Why Food Safety Matters

Recently, Dan Sutton, General Manager for Pismo Oceano Vegetable Exchange, began to notice that when employees saw him in the field they would often gently place a finger to their temple.  He was unsure what this meant, but he saw more and more employees making the gesture.  Finally, he stopped to ask one of his workers what it meant when they did that.  The employee answered with one word: Rylee.  The gesture means that they are thinking of Rylee Gustafson and remembering to put food safety first on the farm.

Sutton told this story last week at the 9th annual Western Food Safety Summit hosted at Hartnell College in Salinas, California. With over 200 people participating, this year’s summit had the most attendees ever.

A lot has changed in the last nine years, as Johnny Massa of Comgro Soil Amendments noted in his opening statement for the conference. Food safety is something the leafy greens industry takes very seriously and the education offered through this summit is just one example of the farming community’s dedication to continuous improvement.

The summit kicked off with a session by the LGMA’s Mike Villaneva titled, “Why we are here.”  During that session Mike reminded attendees that in order to truly educate people and make real change, not only does everyone on the farm need to understand what to do, but they should also know why food safety is so important.

He proceeded to show a video which is included in each of our training sessions. The video is available to any  LGMA member.  You can see a version of the video here.

Mike then introduced three of the people who were featured in the video:  Rylee Gustafson (sickened in the 2006 E. coli outbreak), Kathleen Chrismer (Rylee’s Mother) and Dan Sutton (hosted Rylee on her first leafy greens farm visit in 2013).  The group came on stage to answer questions and discuss the impacts of foodborne illness.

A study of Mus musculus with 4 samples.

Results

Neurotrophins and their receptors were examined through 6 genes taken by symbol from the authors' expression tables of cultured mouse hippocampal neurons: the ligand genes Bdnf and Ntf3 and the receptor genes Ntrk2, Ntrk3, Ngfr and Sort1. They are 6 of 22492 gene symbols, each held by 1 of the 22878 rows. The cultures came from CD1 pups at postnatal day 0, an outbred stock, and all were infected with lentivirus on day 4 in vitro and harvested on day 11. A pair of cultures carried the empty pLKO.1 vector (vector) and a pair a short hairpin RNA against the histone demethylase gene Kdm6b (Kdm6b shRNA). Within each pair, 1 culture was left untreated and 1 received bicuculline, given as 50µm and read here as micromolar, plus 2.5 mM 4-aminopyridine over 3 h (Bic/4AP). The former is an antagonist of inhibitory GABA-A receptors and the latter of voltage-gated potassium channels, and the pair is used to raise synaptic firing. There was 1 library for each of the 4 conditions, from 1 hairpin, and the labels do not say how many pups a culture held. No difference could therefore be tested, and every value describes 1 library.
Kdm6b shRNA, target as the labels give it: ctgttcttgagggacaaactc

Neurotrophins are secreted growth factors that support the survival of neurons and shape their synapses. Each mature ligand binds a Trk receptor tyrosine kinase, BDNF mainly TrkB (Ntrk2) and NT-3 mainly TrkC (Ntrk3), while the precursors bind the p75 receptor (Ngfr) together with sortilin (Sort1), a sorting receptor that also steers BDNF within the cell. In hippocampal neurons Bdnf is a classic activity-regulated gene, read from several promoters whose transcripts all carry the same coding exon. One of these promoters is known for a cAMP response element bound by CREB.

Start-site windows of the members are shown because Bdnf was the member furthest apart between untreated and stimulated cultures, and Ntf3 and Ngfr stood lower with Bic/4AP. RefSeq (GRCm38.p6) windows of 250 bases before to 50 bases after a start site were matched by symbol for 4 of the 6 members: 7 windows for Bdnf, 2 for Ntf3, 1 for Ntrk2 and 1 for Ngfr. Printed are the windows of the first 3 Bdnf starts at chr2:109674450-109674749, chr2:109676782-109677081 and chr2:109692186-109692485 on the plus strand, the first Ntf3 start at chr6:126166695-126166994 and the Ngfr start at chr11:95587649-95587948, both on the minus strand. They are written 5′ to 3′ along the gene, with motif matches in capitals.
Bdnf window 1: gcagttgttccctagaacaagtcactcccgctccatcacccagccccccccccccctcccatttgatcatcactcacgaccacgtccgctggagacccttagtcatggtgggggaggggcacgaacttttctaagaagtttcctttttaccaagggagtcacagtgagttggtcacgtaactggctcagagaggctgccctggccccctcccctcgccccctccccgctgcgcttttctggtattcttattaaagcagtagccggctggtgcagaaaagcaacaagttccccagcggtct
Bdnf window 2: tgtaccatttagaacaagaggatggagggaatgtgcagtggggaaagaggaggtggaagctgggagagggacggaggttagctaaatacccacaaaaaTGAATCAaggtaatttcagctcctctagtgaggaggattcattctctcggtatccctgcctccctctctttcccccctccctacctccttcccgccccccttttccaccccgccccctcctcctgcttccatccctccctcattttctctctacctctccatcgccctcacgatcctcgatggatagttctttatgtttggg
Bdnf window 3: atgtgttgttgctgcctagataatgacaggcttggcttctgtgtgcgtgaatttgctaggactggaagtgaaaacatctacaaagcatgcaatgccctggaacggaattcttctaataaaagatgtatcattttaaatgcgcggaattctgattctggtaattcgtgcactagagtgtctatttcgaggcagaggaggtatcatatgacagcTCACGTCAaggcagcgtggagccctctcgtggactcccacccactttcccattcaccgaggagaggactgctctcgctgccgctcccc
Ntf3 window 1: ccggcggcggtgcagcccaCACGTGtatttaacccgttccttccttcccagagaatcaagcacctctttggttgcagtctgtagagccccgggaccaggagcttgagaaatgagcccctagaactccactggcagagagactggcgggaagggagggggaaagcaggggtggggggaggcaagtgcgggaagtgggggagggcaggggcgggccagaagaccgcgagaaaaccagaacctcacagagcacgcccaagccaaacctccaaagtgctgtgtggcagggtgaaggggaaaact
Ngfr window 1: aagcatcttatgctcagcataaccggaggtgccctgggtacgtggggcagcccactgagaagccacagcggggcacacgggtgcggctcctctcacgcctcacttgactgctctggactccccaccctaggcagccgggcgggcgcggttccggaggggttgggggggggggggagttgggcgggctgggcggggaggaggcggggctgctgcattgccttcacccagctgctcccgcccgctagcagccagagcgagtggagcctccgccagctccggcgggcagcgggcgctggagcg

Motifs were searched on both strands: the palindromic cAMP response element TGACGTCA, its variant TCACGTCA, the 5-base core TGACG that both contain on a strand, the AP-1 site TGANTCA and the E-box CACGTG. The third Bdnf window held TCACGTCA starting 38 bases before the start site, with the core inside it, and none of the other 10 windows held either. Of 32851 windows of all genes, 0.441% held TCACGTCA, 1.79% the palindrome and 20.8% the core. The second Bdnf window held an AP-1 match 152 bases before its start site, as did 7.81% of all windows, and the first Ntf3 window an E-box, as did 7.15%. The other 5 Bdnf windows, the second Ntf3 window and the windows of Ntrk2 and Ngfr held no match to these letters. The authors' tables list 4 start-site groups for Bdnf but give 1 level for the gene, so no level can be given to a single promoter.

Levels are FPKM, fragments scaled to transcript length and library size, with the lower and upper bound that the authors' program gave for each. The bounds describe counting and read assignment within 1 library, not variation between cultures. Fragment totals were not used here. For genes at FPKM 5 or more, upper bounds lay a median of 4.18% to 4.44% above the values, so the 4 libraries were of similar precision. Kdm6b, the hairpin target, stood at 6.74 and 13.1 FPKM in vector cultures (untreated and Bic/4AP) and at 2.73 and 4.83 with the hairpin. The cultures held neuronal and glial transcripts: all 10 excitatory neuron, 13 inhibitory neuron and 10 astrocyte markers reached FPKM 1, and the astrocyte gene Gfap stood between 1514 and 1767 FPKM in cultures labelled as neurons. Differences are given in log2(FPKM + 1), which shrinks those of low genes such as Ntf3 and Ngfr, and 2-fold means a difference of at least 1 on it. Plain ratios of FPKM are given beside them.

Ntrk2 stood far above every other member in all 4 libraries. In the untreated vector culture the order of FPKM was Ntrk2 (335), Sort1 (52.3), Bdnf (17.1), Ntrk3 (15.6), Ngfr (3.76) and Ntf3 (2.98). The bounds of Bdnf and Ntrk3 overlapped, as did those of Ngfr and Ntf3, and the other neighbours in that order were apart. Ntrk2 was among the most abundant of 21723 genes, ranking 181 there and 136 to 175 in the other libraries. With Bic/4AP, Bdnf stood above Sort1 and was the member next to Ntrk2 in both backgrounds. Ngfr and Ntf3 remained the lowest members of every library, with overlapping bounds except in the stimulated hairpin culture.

Left to right: Mike Villaneva, Dan Sutton, Kathleen Chrismer and Rylee Gustafson

Left to right: Mike Villaneva, Dan Sutton, Kathleen Chrismer and Rylee Gustafsun

Rylee explained for the audience that being a victim of foodborne illness can be much more than just a few days of feeling under the weather.  She shared that as a result of the E. coli she developed Hemolytic uremic syndrome (HUS) a condition that effects the kidneys and which will likely require that she have a kidney transplant in the future.  She also now has Type 1 diabetes as a result of her illness. She says that living with this condition is a daily reminder of what she went through and overcame 9 years ago.

Kathleen shared with the crowd what it was like as a parent to watch her daughter battle the E. coli:  It’s very emotional…you want to do everything for them, you feel awful for them, everything they feel you feel.  Watching Rylee in that hospital bed was the worst thing I have ever been through in my life.  The pain that she went through, the distress that comes with not knowing the likely outcome.

The story Dan shared above demonstrates the effectiveness of the new video in ensuring that worker’s fully understand why it is so important for food safety practices to be accepted as a fundamental part of each worker’s job.

One participant at the summit noted that she was a supervisor in fresh produce processing and that she conducts monthly training for her employees.  She said that some employees have a hard time remembering food safety practices like washing their hands, and asked Rylee what she would tell these workers if she could talk to them.  Rylee answered, “Washing your hands might just save a life.”